Reflections from the Panamerican Trauma Society/Association of Women Surgeons’ Women in Surgery Panel at the 28th Panamerican Trauma Congress in Santa Cruz de la Sierra, Bolivia
By Marissa Boeck
In a giant convention hall, blindingly bright lights shine down on a long table in the middle of a makeshift stage. A moderate-sized crowd filters in. While the majority are women, there is a mix of genders that spans generations, all coming to hear a handful of female surgeons speak. Included is a mother from the local community who brings her adolescent daughter, in the hopes of reinforcing that despite local or cultural female stereotypes, her daughter can achieve whatever she sets her mind to. The panelists come from different training and geographic backgrounds, from medical school graduates to senior attendings, general surgeons to those specializing in trauma, bariatrics, or gynecology, hailing from Bolivia to Panama to Canada. The venue is the 2015 Panamerican Trauma Congress in Santa Cruz, Bolivia.
The seed for this event was planted a few years ago by Dr. Paula Ferrada, Colombian by birth and American by training, marriage, and work, who is also a trauma and critical care surgeon at Virginia Commonwealth University and chair of the Panamerican Trauma Society (PTS) Education and Research Committee. She proposed having sessions focused on women in surgery at the society’s annual congress. The tipping point for adoption came from the global #ILookLikeASurgeon social media movement started by surgery resident Heather Logghe. Through increased recognition of diversity gaps in surgery, the creation of a strong virtual social media community, local ties with the 2015 PTS congress organizing committee, and collaboration with the Association of Women Surgeons as a co-sponsor, the Women in Surgery/Mujeres Cirujanas Líderes panel was born.
Our goal was to share experiences and provide examples of success at varied levels of training from across the globe, while also trying to elucidate why proven gender gaps in medical leadership exist. We also aimed to show that appearance, be it gender, race/ethnicity, or otherwise, does not dictate what one can accomplish. The importance of the panel was confirmed even before it happened when three panelists, myself included, were invited to discuss the event on a local talk show. The segment also incorporated positive messages and insightful questions sent via Whatsapp during the live taping, and placed a correspondent on the street asking people if women can and should hold leadership positions, with most (thankfully) answering a resounding yes.
The conference panel began with us attesting to why such an event is still needed in this day and age. Most of us highlighted personal struggles and barriers that rang similarly true across generational and geographical boundaries. These challenges included patients or staff consistently perceiving us as the medical student or nurse despite being the leader of the medical team, the fight to become a surgeon while ignoring the naysayers arguing we don’t fit the stereotype, or the ability to balance a full personal life with a demanding career. When asked what we would choose if we had the option to do it all over again, not one of us said we would be anything other than what we are, a surgeon. But to be clear, there was no sugar-coating. All of us freely admitted that pursuing a career in surgery is not an easy task. However, and partly because of this, it is also one of the most rewarding professions.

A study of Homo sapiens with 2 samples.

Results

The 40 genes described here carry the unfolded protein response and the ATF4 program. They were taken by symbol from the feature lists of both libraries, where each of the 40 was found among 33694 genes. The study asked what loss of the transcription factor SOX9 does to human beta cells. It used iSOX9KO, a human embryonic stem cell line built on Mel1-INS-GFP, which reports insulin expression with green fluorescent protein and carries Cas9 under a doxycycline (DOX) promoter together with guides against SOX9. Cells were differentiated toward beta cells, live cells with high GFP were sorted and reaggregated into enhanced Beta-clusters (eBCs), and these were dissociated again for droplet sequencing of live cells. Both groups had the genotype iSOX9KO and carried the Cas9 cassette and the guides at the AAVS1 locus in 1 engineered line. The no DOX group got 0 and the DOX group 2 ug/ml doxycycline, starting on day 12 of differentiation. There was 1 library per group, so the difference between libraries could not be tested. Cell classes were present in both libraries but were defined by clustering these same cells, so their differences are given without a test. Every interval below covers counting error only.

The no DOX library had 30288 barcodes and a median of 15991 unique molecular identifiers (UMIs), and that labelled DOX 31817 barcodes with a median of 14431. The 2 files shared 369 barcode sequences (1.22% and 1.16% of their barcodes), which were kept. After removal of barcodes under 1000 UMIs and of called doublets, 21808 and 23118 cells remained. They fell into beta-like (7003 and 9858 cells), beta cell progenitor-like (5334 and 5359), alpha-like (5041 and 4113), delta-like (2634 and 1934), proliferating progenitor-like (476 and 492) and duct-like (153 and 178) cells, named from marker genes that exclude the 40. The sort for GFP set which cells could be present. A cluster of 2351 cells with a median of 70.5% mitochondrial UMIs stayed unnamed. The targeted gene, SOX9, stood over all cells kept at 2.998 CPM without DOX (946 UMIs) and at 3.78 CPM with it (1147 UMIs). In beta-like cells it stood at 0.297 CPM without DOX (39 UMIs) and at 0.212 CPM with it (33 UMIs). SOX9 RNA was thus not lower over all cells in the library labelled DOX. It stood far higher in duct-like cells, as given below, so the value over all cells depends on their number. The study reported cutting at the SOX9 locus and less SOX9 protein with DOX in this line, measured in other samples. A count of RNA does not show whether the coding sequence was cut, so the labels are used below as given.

Although a finite, one-hour event within a discrete, annual congress, the idea is to continue the conversation from the panel through new connections and a growing community of surgeons, women and men alike. This will dispel the notion that anyone is alone in their professional pursuits or struggles, promoting instead the idea that support to succeed exists and is accessible. The panel has already spawned a Spanish-speaking Whatsapp group between panelists and attendees from across the Americas. This has led to inspiring messages of solidarity and community, and a forum for discussion on subjects such as mentorship and patient management. All of this argues for the importance and need to foster such events at future global conferences. We also made a point to highlight the incredible power of social media, including Twitter and Facebook, to provide mentorship from afar when it may be lacking locally.
As the session came to a close, the adolescent Bolivian girl who attended with her mother promised us that she would hold fast to her professional dreams, no matter how remote they seemed. This was when we all knew the panel had hit its mark: to instill in others the courage and inspiration to chase after what they set their sights on. Because if we could do it, so could they.
Post-Graduate Fellow in Global Health, Northwestern University Feinberg School of Medicine, Arthur Tracy Cabot Fellow, Harvard Center for Surgery and Public Health, Brigham and Women’s Hospital, General Surgery Resident, New York Presbyterian Hospital-Columbia
For those interested in joining the trans-continental, Spanish WhatsApp group of women surgeons, please reach out to the author on Twitter @KickAsana or post in the comments section below.
Our blog is a forum for our members to speak, and as such, statements made here represent the opinions of the author, and are not necessarily the opinion of the Association of Women Surgeons.